A once-great silent film director, unable to make the transition to the new talkies, lives as a near-hermit in his Hollywood home, making cheap, silent sex films, and suffering in the knowledge of his sexual impotence, and apathetic about the plans to demolish his home to make way for a motorway. His producer and his producer's girlfriend come by to see how he is doing (and to supply heroin to the actress as her payment). The girlfriend stays to watch them filming, and is deeply impressed by his methods. When the actress goes to the bathroom, and dies there of an overdose, the girlfriend takes her place in the film. Then the producer returns... Written by
Steven Pemberton <Steven.Pemberton@cwi.nl>
Neither of the two Transamerica United Artists logos used during the 1970s were featured at the movie's beginning. The old black-and-white UA logo, the first, is displayed at the start of the film instead. This was the one that was used between 1919 and 1967, and was the logo used during the 1930s era when the movie was set. See more »
Sitting at piano, Boy Wonder plays song Moonglow, written in 1934. The movie takes place at least three or four years earlier (characters repeatedly talk about a then-unknown actor named Clark Gable, already a big star by time song was written).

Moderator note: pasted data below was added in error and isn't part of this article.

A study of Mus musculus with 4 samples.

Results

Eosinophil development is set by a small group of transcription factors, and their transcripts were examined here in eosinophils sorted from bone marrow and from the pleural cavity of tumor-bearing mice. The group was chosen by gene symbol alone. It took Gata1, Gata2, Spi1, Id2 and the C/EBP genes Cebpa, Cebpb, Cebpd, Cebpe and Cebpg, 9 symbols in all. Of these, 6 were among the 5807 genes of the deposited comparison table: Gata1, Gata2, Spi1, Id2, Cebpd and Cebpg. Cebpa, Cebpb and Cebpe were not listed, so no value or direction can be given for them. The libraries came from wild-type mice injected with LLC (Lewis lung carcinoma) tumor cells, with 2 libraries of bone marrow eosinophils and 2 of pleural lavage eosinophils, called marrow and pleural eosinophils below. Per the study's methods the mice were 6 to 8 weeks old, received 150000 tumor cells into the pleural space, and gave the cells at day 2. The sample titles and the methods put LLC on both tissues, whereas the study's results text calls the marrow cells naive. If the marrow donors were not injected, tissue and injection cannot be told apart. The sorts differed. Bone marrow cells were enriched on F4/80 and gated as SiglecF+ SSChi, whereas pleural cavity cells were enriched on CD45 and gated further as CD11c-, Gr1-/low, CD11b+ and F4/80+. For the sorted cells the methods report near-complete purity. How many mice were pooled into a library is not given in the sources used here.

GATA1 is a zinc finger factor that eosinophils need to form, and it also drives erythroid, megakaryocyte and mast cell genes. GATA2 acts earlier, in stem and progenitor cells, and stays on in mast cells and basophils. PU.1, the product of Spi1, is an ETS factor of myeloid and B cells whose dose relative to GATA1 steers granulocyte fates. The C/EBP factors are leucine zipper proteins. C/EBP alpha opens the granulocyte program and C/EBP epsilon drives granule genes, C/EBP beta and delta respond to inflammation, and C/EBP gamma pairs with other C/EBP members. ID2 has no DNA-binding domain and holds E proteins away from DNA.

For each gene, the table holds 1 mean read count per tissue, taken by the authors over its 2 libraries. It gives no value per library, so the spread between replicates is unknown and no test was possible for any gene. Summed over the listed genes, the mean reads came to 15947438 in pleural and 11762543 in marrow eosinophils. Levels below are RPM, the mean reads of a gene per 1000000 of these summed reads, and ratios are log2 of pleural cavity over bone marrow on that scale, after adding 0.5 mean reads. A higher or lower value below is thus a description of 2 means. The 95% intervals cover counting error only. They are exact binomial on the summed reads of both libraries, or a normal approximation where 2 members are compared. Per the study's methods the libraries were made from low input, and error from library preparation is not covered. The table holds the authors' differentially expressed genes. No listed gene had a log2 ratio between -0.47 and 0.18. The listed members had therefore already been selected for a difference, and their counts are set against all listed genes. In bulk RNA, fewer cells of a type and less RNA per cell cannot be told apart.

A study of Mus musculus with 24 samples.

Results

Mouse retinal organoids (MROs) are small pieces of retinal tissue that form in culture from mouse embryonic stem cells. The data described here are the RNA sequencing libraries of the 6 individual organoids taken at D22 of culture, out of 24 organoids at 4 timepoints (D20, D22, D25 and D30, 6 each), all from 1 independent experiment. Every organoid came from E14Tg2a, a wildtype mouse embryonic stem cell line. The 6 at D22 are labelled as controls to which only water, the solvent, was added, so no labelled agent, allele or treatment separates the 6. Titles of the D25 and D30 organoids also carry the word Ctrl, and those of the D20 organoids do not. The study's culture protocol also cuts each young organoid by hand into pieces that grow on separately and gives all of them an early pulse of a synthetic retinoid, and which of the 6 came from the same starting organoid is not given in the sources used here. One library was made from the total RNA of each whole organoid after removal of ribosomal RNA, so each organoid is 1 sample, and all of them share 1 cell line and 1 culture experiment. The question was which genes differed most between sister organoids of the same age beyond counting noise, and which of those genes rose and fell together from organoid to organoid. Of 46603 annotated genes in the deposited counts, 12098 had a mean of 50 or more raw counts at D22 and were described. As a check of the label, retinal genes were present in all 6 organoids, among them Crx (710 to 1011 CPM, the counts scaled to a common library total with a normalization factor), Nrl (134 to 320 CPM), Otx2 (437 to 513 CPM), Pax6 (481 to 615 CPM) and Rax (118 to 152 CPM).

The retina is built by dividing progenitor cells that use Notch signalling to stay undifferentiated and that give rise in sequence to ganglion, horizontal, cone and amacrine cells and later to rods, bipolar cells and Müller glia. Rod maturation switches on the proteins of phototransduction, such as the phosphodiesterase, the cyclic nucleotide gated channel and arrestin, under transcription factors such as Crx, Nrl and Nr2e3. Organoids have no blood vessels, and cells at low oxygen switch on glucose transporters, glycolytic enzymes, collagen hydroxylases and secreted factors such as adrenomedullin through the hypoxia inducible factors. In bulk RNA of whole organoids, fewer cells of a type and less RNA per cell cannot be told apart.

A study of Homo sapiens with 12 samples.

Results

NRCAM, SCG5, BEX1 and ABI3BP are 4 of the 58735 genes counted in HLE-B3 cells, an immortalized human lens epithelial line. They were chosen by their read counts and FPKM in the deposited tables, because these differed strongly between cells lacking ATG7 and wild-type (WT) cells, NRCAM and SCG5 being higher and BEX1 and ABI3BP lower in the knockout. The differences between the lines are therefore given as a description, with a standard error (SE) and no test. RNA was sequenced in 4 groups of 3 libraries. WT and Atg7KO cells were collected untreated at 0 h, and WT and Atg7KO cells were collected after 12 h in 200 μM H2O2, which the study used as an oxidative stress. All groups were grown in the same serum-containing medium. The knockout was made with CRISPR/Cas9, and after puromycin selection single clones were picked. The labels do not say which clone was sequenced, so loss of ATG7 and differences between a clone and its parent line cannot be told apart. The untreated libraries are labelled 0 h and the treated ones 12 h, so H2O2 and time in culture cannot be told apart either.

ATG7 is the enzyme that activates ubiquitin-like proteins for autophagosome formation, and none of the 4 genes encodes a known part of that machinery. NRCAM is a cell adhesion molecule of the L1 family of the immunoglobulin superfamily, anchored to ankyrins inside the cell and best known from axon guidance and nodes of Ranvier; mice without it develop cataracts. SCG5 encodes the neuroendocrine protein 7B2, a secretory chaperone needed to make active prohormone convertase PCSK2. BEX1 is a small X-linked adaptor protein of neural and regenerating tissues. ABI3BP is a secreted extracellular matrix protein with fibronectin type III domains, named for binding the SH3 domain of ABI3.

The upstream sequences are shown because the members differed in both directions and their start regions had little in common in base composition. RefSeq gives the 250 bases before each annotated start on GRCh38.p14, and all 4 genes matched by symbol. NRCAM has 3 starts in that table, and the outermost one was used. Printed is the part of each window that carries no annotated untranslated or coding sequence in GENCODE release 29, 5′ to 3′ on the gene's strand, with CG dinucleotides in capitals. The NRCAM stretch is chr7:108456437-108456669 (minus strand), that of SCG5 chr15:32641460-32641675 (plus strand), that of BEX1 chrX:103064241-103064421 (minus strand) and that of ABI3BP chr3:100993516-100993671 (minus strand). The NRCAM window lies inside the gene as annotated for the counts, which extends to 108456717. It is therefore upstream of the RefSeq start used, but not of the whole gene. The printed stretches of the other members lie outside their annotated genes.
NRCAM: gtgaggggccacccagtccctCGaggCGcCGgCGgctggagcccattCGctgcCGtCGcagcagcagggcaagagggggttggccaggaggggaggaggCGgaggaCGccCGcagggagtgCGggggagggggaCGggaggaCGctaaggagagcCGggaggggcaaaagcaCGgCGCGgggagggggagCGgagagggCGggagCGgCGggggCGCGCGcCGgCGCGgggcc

NOTE: "Moonglow" is not explicitly referenced as such, and is virtually identical to 1929's "Sweeter Than Sweet", so this may not be a goof. See more »
The day Wally Reid died, I was having lunch with Griffith, Gish and Hayes. Somebody came in and told us what happened, and Gish started crying, right away. She said, "Poor Wally. Poor Wally. What am I going to do now?" Had to leave the table, she was crying so hard. Old Will Hays, of course, got up to go after her. She used to bring that out in people. And as he left, he turned to us and he shot this out like spit, and he said, "Good riddance. Good riddance to bad rubbish." After they were gone...
"Inserts" has long been one of my favorite films, a comic-tragic meditation on art, sex, self-delusion, acting, and the magic of Hollywood. Its complex themes are woven through the "shocking" theme of pornography in the silent era. This film has always gotten a raw deal from critics. One way that would be helping in approaching this film is to think of it as a filmed drama. I actually think it would work much better on the stage. In fact, for years I've been trying to locate the script. (Anyone got any ideas on that?) If you've only seen it once, and didn't like it, see it again and think of some of what I've said. You'll find it bold, rich, provocative, and unique.